The New York Mets are easy targets these days and deservedly so. And I’ve done my share of Fred Wilpon and Sandy Alderson bashing pointing out the disheveled nature of the franchise. But there are the players, some very talented players. And maybe it’s time we turned our attention over to them.
The Mets, when you glance at their roster, have some pretty good ballplayers, all of whom have an upside that could, if all the stars are aligned, translate into a pennant contending team in the National League East.
That bit of wavering is necessary since the Mets happen to play in the same division as the Washington Nationals. (And notice I said pennant contending and not a pennant-winning team.)
Presumably, most Mets would be happy with that, recognizing that the present composition of the team is pretty much the team which will begin the season, with no explosive trades or free agent signings on the way.
The strength of the Mets has always been and continues to be their starting pitching. We all know about the debilitating series of injuries that struck the team over the last two seasons. 2018 is destined to be the year of comebacks for these players.
Matt Harvey takes center stage in what will probably his final act as a New York Met before he reaches free agency next November. Coming into camp, no one should be more motivated than Harvey to have the kind of season that translates into becoming set for life once he turns himself over to his agent, Scott Boras.
Noah Syndergaard is also in a state of atonement with Mets fans. Not only did he embark on an ill-fated and self-generated “bulking up” program last season, but he declined an MRI that many believe would have revealed the potential for injury if he continued to pitch. His minuscule 30.1 innings pitched in 2017 speak volumes about the Met’s season. Syndergaard, as “Thor,” is a New York fan favorite who remains destined for a Cy Young one of these years.
The pitching triangle is completed by Jacob deGrom, who earned his orange and blue in spades last season when the Mets needed him most. deGrom faltered somewhat when it didn’t matter anymore late in the season, finishing over the 200 inning mark for the first time in his career. At 29, he is in what should be the prime of his career, and he would seem ready to better his 15-11 record as the ace of the staff.
After that triumvirate is exhausted is where the problems begin for the Mets. Steven Matz remains a mystery with all the stuff in the world, but nothing to show for it, and Robert Gsellman seems destined to the bullpen where his stuff equates better to one time through the order. Mickey Callaway, the former pitching coach, now piloting the team has his work cut out for him. But hey, ya never know.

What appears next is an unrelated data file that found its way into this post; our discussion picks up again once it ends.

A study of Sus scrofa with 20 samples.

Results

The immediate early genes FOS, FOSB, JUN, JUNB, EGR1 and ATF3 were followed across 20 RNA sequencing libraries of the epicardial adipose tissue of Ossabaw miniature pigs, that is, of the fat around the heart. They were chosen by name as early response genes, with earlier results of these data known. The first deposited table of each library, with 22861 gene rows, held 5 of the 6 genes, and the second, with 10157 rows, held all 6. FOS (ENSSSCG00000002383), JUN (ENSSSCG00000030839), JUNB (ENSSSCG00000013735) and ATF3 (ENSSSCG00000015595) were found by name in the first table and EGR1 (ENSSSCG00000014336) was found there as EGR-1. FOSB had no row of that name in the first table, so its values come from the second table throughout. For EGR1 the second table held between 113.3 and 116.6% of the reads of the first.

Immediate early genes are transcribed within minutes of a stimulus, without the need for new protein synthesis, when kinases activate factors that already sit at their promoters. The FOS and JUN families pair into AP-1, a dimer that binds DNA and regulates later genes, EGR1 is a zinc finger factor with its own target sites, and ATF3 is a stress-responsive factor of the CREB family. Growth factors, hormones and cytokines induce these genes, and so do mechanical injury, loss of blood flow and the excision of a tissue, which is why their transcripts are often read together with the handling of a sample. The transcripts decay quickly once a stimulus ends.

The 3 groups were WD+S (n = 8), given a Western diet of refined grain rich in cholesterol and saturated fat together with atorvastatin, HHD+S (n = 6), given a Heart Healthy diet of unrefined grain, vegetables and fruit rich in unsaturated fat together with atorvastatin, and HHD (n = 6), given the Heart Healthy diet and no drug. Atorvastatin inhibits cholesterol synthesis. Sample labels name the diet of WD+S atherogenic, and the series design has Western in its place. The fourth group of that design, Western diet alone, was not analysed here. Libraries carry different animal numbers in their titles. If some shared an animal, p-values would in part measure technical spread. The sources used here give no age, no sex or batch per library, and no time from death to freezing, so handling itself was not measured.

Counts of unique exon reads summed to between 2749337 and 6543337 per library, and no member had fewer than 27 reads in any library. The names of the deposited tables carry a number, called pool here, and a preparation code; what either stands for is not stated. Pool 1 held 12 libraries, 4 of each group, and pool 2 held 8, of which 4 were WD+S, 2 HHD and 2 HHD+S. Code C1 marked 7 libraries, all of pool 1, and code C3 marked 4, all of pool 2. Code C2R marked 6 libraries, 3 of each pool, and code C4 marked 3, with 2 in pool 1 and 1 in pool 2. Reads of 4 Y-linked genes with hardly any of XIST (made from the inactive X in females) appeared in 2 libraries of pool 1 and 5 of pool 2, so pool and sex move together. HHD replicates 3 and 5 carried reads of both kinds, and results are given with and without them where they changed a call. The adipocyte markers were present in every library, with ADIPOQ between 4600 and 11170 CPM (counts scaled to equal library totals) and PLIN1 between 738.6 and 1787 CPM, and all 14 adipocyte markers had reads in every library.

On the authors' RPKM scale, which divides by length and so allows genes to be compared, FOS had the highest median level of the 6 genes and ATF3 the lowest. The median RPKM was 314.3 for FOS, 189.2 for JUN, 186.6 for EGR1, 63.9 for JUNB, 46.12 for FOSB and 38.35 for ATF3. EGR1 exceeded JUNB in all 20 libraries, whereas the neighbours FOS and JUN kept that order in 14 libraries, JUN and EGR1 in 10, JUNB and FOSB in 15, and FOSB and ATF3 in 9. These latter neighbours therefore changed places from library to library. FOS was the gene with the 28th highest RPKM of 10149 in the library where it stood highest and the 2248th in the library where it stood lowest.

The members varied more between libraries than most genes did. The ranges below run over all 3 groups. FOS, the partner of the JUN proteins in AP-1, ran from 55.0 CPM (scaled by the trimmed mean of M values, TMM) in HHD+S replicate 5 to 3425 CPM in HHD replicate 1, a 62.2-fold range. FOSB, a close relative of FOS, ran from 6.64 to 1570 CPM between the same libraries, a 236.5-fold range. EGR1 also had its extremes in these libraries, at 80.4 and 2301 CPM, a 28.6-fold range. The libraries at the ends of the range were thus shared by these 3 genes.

Turning to the Mets position players, it’s better to concentrate on what they do have instead of what they lack because of the see-saw tipping to the latter. Michael Conforto is a fledging perennial All-Star in the mold of someone like Ryan Braun. He will hit for average and deliver some much-needed punch in the Mets lineup.
Conforto will not be ready for the start of the season, and that will hurt the Mets who will be anxious to show their fans there is still a reason to show up at Citi Field. Which, in turn, means Yoenis Cespedes needs to earn his eight-figure salary from day one with no hiccups in between.
Cespedes, with his moodiness and tendency to incur minor leg-related injuries, can drive a team up or down all by himself. Once again, it will up to Callaway to get inside the head of Cespedes, propelling him forward.
The other Met worth buying a ticket to see him play is Amed Rosario, the teams wildly hyped young shortstop who will be playing his first full season in the big leagues. Only 21, Rosario is not projected as another one of those power shortstops who populate the big leagues today. And the Mets will need for him to excel in the field, improving on his less than stellar six errors in 107 chances last season. In short, Rosario is a work in progress playing in a major league uniform.
The Mets need more run production capability if they are going to seriously compete this season. Jay Bruce apparently has his sights set on a four-year deal, and the Mets will not give it to him. Dominic Smith is a wild card who can help the team in the power department, but he needs to get his weight under control before the Mets become fully invested in him.
But cheer up everybody. The days are already getting longer again and that only means that baseball is on its way back to New York City. In six or seven weeks, the spotlight will be on the players assembled in Florida for the opening of the Mets Spring Training camp.
It’ll be a relief of sorts and a time to refocus on the players who will make or break the Mets 2018 season.